Life is a remarkable thing.
The next time ICUJP meets, I shall have turned 60. I find the thought of it extremely perplexing. It is only a little time ago that I remember my 6 th birthday with almost as much clarity and with a similar perplexity. What, I wondered, was so special about this day, and why was I receiving a new toy?
To me, now, as I contemplate all this, the experience is not just remarkable but equally it is beautiful. If there is any major difference between my 6th and 60 th birthdays it is, perhaps, that I am beginning to understand this mystery of life, if only by the minutest of fractions.
For it is, by this smallest of fractions, that I have managed to learn in the intervening few years how utterly breath-taking, spell-binding, and miraculous this experience truly is; and I would like to think that this is at least part of the purpose and value of aging.
I suppose I should take and accept it as a gift that I am having this kind of experience and discovery, because as I look around I find, or at least it would appear, that not everyone feels the same way. Clearly, life for many people aged 60 and older is far from a hill of beans; although this is not to say that mine has always been either, but the unfolding of life’s experiences has led me to this conclusion and realization.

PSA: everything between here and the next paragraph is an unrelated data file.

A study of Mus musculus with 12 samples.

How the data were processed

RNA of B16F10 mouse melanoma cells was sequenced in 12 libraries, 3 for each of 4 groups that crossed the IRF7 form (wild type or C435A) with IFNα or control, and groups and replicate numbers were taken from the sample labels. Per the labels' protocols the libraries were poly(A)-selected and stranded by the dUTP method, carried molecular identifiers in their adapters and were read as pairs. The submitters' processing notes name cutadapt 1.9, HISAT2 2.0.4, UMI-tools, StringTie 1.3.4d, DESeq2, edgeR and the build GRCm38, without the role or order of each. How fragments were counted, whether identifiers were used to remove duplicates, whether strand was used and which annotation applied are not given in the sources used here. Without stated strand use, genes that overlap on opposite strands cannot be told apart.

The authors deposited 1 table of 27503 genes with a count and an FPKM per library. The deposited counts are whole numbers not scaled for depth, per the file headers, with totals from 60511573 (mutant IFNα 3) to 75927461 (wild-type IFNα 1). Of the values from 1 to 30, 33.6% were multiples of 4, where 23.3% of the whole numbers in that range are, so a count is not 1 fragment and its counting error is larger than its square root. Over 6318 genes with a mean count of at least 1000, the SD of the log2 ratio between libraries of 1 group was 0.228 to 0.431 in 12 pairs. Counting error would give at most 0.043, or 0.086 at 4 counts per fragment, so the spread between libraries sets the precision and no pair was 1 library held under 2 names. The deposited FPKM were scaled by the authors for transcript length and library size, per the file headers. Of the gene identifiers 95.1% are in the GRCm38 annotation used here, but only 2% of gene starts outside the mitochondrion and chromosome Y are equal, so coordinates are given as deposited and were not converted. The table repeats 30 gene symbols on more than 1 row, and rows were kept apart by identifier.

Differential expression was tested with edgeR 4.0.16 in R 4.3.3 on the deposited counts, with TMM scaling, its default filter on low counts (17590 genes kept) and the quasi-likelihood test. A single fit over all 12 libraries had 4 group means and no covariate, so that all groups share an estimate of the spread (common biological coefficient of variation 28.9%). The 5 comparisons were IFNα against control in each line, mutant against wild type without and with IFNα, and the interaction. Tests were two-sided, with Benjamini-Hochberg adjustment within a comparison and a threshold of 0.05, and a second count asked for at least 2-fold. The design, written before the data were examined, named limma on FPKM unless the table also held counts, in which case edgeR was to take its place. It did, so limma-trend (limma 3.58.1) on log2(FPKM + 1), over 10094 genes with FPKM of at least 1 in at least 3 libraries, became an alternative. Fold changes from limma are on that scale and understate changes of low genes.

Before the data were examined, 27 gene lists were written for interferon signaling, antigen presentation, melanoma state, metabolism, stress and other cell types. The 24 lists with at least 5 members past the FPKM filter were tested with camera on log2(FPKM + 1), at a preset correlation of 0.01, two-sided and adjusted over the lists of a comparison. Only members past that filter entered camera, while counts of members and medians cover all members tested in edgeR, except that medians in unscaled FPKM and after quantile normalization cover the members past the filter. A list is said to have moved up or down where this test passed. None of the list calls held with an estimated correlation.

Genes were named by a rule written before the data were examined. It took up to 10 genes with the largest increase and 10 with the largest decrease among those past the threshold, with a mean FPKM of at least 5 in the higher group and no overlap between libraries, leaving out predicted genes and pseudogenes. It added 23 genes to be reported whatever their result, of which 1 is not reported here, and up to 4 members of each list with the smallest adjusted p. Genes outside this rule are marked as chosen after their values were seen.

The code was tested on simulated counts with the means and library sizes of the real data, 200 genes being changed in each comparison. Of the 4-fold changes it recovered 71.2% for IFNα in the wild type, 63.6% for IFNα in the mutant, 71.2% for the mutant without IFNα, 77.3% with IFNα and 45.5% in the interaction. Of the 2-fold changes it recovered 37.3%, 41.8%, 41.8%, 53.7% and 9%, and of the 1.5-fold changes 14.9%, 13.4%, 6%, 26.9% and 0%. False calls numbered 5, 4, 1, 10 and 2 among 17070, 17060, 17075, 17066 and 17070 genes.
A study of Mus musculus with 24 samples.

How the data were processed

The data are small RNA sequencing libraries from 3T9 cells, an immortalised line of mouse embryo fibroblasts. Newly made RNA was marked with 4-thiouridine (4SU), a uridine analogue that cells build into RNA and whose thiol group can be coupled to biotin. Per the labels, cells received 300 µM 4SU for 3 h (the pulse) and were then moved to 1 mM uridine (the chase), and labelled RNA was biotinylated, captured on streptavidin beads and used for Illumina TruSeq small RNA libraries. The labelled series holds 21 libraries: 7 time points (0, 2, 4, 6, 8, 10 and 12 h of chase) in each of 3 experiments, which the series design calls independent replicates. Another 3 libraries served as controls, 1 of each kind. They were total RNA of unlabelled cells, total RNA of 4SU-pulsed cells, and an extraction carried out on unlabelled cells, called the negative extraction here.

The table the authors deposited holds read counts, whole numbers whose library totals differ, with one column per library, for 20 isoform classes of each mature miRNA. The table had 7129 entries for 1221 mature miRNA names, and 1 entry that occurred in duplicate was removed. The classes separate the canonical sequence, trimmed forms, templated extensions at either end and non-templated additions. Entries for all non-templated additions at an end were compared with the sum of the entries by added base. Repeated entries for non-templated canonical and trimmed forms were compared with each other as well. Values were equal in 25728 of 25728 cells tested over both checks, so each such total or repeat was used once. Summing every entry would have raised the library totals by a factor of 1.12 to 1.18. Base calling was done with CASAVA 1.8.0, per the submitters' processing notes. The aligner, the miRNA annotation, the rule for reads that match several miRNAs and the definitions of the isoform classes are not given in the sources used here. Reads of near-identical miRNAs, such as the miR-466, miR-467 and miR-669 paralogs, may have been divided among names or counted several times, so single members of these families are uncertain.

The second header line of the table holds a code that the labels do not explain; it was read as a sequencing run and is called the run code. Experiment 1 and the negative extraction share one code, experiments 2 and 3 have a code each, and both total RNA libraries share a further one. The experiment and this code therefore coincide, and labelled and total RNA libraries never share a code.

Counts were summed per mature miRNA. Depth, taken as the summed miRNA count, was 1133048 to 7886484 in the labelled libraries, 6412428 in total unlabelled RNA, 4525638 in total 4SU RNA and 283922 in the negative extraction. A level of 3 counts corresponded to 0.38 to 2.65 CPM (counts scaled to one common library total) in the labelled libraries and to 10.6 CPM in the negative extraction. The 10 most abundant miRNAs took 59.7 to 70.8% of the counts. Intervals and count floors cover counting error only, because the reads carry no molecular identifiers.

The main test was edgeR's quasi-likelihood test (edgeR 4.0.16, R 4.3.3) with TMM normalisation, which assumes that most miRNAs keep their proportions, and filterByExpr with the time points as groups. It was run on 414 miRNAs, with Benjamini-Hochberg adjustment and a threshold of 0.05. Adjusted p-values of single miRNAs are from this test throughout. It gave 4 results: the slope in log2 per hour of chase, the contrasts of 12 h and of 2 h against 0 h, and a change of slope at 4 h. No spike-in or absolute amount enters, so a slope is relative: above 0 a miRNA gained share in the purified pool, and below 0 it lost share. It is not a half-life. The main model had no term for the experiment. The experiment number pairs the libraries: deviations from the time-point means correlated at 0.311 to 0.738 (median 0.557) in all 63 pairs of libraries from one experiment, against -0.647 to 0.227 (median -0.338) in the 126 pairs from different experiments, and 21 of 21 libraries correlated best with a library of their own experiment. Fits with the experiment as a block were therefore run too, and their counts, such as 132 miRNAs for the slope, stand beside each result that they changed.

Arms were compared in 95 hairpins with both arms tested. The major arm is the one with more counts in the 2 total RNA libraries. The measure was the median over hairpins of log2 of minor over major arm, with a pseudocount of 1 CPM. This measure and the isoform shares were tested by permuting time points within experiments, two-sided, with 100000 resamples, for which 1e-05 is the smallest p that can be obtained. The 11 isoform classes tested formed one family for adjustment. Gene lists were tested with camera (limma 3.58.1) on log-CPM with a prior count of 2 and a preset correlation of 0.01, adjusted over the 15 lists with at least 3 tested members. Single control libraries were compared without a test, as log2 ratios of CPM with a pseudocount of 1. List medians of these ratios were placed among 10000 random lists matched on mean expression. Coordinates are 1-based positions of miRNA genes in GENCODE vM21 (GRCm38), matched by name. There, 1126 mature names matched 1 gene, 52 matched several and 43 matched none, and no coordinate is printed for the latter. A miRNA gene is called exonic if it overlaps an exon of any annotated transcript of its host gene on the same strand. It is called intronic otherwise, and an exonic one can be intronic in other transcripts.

And it is to this extent that I question and wonder why more people who are over the brow of life’s hill do not share this same deep sense of joy and marvel as to what this experience is really all about: Why age does not make us kinder, gentler, more free and generous spirits; even to the extent that the concept of wisdom can be applied.
Surely, anything that makes us more removed from society with a colder, more angry face as we age is tantamount to something having gone awry along the way.
Imagine a world populated by our elderly generations having found – even if spontaneously – the ability simply and merely to “let-go”; to become increasingly free, unattached to almost every aspect of human life save the connection to Life itself, and the ease to fall into an obedience to a higher calling: the miracle of It; the Eternal Silence of It; and perhaps most especially, the gesture of It.
So this is how I stand and sit at this present juncture of my life. I cannot say or even pretend that it shall continue to be this way; but I would like at least to think that it is the general trend.
With my thanks and appreciation for you all at ICUJP who have shared much if not quite all of the past 10 years of my experience of life in which we all equally share and participate.